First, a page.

October 21, 2021
By Timothy Sandefur
The Goldwater Institute today filed a friend-of-the-court brief to defend Arizona’s recently adopted tax relief legislation against legal attacks by progressives who have sought to use the referendum process to have those tax cuts repealed.
The case, which involves the same group responsible for the state’s recent Proposition 208 tax hike, concerns whether the state Constitution’s referendum procedure—whereby voters can repeal laws adopted by the Arizona Legislature—applies to legislation that raises revenues or spends money to maintain departments of the state government. But as our brief explains, the question also concerns the so-called Voter Protection Act (VPA), a provision of the Constitution that basically makes all initiatives—and all referenda—unrepealable.
Arizona’s Constitution says that all legislation is subject to referendum—meaning voters can repeal it—except laws “for the support and maintenance of the departments of the state government and state institutions.” That language was added when the Constitution was written in 1910, in order to avoid the fiascos that had resulted in Oregon, where the referendum power was so broad that voters caused financial chaos in the state. Under Arizona’s Constitution, tax laws designed to raise revenue for state institutions—such as schools—cannot be repealed by referendum. Yet pro-tax forces have launched a referendum effort to repeal the state’s recent adopted tax relief, including the flat tax enacted just months ago. Our friends at the Arizona Free Enterprise Club filed suit to block that unconstitutional use of the referendum power—and our brief expands on their arguments.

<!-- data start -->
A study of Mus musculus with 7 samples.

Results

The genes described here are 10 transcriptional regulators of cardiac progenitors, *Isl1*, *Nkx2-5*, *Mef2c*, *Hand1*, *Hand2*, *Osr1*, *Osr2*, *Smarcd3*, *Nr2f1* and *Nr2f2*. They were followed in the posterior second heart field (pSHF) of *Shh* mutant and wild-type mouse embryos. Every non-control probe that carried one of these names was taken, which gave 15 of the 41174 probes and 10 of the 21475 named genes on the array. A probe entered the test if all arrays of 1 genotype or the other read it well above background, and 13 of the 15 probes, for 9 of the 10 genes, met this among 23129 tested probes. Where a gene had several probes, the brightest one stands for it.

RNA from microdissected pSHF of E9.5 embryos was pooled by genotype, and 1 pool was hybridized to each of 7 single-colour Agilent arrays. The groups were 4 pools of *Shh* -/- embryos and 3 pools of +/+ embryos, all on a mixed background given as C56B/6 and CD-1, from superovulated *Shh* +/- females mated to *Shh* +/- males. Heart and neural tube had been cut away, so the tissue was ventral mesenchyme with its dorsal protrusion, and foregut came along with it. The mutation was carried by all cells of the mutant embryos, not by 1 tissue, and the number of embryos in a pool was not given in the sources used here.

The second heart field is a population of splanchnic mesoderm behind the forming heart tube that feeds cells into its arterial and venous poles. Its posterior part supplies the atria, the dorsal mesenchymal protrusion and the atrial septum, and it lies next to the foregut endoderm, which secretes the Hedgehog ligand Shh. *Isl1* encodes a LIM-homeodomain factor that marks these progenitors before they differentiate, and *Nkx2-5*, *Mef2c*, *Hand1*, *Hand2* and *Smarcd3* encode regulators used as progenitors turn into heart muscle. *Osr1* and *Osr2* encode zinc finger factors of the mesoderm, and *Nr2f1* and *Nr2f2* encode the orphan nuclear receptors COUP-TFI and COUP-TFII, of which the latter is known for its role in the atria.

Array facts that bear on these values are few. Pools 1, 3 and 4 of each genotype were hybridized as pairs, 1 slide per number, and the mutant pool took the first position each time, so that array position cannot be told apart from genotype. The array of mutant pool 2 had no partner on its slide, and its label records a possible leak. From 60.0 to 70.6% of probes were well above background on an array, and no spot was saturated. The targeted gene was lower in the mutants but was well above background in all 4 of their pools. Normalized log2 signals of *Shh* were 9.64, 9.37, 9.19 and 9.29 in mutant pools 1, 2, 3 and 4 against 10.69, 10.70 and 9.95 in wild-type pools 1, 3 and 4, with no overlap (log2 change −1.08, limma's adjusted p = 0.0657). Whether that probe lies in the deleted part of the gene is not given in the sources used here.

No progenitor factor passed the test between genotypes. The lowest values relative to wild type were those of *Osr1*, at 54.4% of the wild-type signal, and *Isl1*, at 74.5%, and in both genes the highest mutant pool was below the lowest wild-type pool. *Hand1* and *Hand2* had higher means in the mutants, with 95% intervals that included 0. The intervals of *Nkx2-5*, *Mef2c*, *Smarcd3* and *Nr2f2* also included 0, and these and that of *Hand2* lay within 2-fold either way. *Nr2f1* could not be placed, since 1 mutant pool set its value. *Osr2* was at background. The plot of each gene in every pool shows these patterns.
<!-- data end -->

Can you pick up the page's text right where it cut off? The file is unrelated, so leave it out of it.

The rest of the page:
As our brief points out, there’s an additional complication: The VPA essentially forbids the Legislature from repealing or even altering any initiative or referendum. Not only that, but the Legislature is prohibited from enacting a law that is inconsistent with an initiative or referendum. What exactly that would mean in the context of a tax cut is unclear, because no court has ever addressed the question. But it would seem to mean, if a tax cut is voided by a referendum, and the Legislature can never adopt laws inconsistent with that voiding, that the Legislature would be barred from ever enacting tax cuts—or perhaps even tax increases—in the future.
That would be a bizarre consequence, indeed—which is all the more reason that the courts should heed the constitutional prohibition on referendums for laws “for the support and maintenance of the departments of the state.”
Timothy Sandefur is the Vice President for Litigation at the Goldwater Institute.